The last couple of weeks have not been easy for us: a flood of missiles, rockets, and mortars in southern Israel, a major terror blast in Jerusalem, and a terrible murder of an entire family in Itamar. Yet all these horrifying moments couldn’t stop us from living our lives and enjoy them greatly. What is even nicer is the fact that we were not left alone. Here are some snapshots from recent days:
Jerusalem: Only two days after the bombing. 10,000 runners from all over the world participated in the first Jerusalem marathon in over 3,000 years. I found myself running (only 10K, I am not that brave) between a group of IDF paratroopers and a group of MASA participants, both singing “Jerusalem of Gold” while climbing from the old to the new city.
Kibbutz Erez (on the Gaza border): Only a few days before the recent major escalation in shelling and mortar attacks, participants of the MetroWest ICE (Israel Center Experience) Mission, visited their MetroWest “family” on the kibbutz. Together with the local kids they danced the hora in a bomb shelter that they helped to renovate.
Beersheba (the Grad missile attacks): ICE participants Jim and Kala Paul, who had decided to stay and volunteer in Ofakim, found themselves facing yet another Israel experience: missile attacks. They admirably didn’t change any of their plans. Here is how Jim describes their unique experience:
We were fortunate that the first set of rockets occurred when we were at the home of our friends at 6:15 in the morning. We had a moment of panic. Then we all got into the center of their home on the floor. They had talked about doing that the evening before. It was certainly a shock when we were awakened by the siren. Around 11:30 a.m. Kala and I were walking by ourselves in the old part of Beersheba when the siren went off again. We actually did not panic as much as we did when the first attack occurred in the morning. Going through it once helped. Not too many places to get into. We found a spot next to a solid wall and lay down on the ground and just counted. After the rockets hit, we got up like other people and continued on. A little shaken, but not too much. If it happens again when we are in Beersheba, Ofakim, or even Sderot, it will be easier. Not necessarily fun, but easier.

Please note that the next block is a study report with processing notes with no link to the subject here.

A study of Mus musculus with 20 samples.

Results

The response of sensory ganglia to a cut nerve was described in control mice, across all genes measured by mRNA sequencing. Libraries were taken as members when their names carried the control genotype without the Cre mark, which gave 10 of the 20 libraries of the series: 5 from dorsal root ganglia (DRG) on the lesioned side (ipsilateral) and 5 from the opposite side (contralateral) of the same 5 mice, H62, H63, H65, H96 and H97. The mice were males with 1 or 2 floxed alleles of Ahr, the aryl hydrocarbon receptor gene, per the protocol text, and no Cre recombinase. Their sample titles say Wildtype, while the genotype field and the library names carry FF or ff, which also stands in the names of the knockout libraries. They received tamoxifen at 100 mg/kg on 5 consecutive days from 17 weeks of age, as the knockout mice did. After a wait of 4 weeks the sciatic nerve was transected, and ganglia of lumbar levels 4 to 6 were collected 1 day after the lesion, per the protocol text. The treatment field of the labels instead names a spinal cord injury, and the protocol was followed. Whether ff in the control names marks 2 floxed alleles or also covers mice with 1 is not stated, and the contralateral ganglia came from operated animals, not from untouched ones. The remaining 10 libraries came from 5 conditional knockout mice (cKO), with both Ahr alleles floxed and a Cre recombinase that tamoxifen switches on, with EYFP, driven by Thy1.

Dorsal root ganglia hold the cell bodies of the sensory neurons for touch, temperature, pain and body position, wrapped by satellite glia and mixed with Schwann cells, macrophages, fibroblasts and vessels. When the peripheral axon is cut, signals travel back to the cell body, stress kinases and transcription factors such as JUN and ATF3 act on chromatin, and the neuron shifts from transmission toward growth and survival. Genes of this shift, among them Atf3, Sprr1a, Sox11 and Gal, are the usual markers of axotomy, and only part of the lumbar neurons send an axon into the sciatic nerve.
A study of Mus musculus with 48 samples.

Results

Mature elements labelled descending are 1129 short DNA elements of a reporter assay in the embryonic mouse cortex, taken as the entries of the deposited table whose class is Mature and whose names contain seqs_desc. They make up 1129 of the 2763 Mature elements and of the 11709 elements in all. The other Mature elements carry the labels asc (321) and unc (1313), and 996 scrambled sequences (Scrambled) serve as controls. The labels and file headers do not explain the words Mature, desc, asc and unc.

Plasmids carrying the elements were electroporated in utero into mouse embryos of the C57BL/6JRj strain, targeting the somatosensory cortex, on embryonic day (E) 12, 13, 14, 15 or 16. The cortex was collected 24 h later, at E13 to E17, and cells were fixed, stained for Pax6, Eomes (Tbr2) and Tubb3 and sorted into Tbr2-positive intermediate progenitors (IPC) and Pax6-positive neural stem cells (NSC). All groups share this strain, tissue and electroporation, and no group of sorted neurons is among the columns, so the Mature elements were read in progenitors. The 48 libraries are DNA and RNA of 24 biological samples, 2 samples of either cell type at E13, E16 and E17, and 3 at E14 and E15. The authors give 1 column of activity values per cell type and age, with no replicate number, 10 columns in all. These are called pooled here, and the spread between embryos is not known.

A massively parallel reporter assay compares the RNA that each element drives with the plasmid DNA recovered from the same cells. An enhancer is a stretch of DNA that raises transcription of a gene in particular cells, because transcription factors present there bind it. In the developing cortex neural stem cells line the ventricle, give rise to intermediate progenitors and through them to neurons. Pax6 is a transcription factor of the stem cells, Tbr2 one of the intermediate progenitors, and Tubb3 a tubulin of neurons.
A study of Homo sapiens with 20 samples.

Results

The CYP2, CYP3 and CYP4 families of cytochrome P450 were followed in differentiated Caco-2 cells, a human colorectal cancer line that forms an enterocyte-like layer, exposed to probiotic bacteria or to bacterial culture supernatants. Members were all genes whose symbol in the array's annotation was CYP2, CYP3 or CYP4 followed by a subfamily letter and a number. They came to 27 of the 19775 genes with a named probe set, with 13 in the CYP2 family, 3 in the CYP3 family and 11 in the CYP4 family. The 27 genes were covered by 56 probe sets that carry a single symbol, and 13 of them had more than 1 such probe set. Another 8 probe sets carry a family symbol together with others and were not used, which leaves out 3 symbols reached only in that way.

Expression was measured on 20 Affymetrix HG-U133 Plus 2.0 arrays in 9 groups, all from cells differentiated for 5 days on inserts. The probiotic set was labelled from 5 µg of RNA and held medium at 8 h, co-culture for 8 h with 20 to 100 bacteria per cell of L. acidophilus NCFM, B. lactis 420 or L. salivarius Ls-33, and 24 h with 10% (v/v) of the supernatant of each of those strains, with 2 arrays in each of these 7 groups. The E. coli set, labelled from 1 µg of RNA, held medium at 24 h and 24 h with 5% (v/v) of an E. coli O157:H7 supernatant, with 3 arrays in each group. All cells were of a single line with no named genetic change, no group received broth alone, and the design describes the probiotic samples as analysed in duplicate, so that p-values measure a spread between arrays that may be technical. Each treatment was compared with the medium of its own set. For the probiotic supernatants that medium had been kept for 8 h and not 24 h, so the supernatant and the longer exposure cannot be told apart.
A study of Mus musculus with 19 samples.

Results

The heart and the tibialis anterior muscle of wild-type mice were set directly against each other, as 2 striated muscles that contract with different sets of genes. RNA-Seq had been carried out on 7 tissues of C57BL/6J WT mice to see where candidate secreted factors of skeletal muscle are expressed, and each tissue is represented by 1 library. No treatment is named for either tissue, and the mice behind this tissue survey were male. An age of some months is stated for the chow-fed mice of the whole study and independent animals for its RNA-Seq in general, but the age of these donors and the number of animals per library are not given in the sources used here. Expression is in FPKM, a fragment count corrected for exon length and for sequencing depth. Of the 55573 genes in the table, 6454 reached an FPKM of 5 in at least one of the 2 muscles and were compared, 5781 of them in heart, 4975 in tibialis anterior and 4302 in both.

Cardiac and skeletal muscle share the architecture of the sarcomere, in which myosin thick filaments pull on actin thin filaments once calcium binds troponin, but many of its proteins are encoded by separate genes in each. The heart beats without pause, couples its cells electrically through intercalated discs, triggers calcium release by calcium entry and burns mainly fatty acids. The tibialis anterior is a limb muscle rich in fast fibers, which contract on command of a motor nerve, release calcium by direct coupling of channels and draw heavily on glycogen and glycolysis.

For us, it was an important part of our understanding of life in Israel. It helps us feel a bit more connected to the people here. In part, this is what the trip is about. Maybe it will help us when we talk to people back in New Jersey about the work that we can collectively do to help people here.
Ofakim (the last few Fridays): Alpha, the Ofakim development fund that we support, organized tourist attractions in town and in the vicinity. This is part of a Negev festival called Darom Adom or “Red South.” The name was originally given due to the blooming of the anemone flowers in the region but received a horrifying meaning when the missiles, sirens, and “red alerts” joined the party. Yael Racov is the volunteer chairperson of Alpha. She is working with us hand-in-hand to better the quality of life in our partnered region. Here is the letter from Yael:
Friday morning: Blue skies, green prairie dotted with yellow and red; fresh breeze; clean trees washed after the rain; a few cars in the car park; picnic blankets and baskets; children playing.
No, it's neither Toscana nor Normandy — it's the Darom Adom (Red South) Festival in Ofakim!
Ofakim joined this end-of-winter festival in the Negev, named after the red carpets of blossom. With limited resources, Alpha offered a special tour of the local attractions. Visitors were directed to the Ofakim Park where they could visit the old Turkish fort and the cave and children could enjoy supervised activities with guides.
In the car park, a large 45-seater "Safari truck" offered a tour of Ofakim taking in the house of the local artist, Tedgy, with the distinctive sculpture garden, the Jerba synagogue, and the Friendship Park.
The tour ended at the Sayeret Shaked Forest where veterans of the reconnaissance platoon regaled the visitors with stories of the wild, adventurous, and heroic old days.
They also showed the visitors the monument and the old train bridge, the longest metal bridge in Israel.
The festival went on for three consecutive Fridays and attracted a few hundred visitors. Many of them enjoyed a delicious lunch at the fort, cooked by Ossi and Nava from the women’s ethnic empowerment group, or took food away to eat at home.
It's now official — Ofakim is on the Israeli tourist map! It took only one different vehicle to move people from place to place thus creating a unique experience.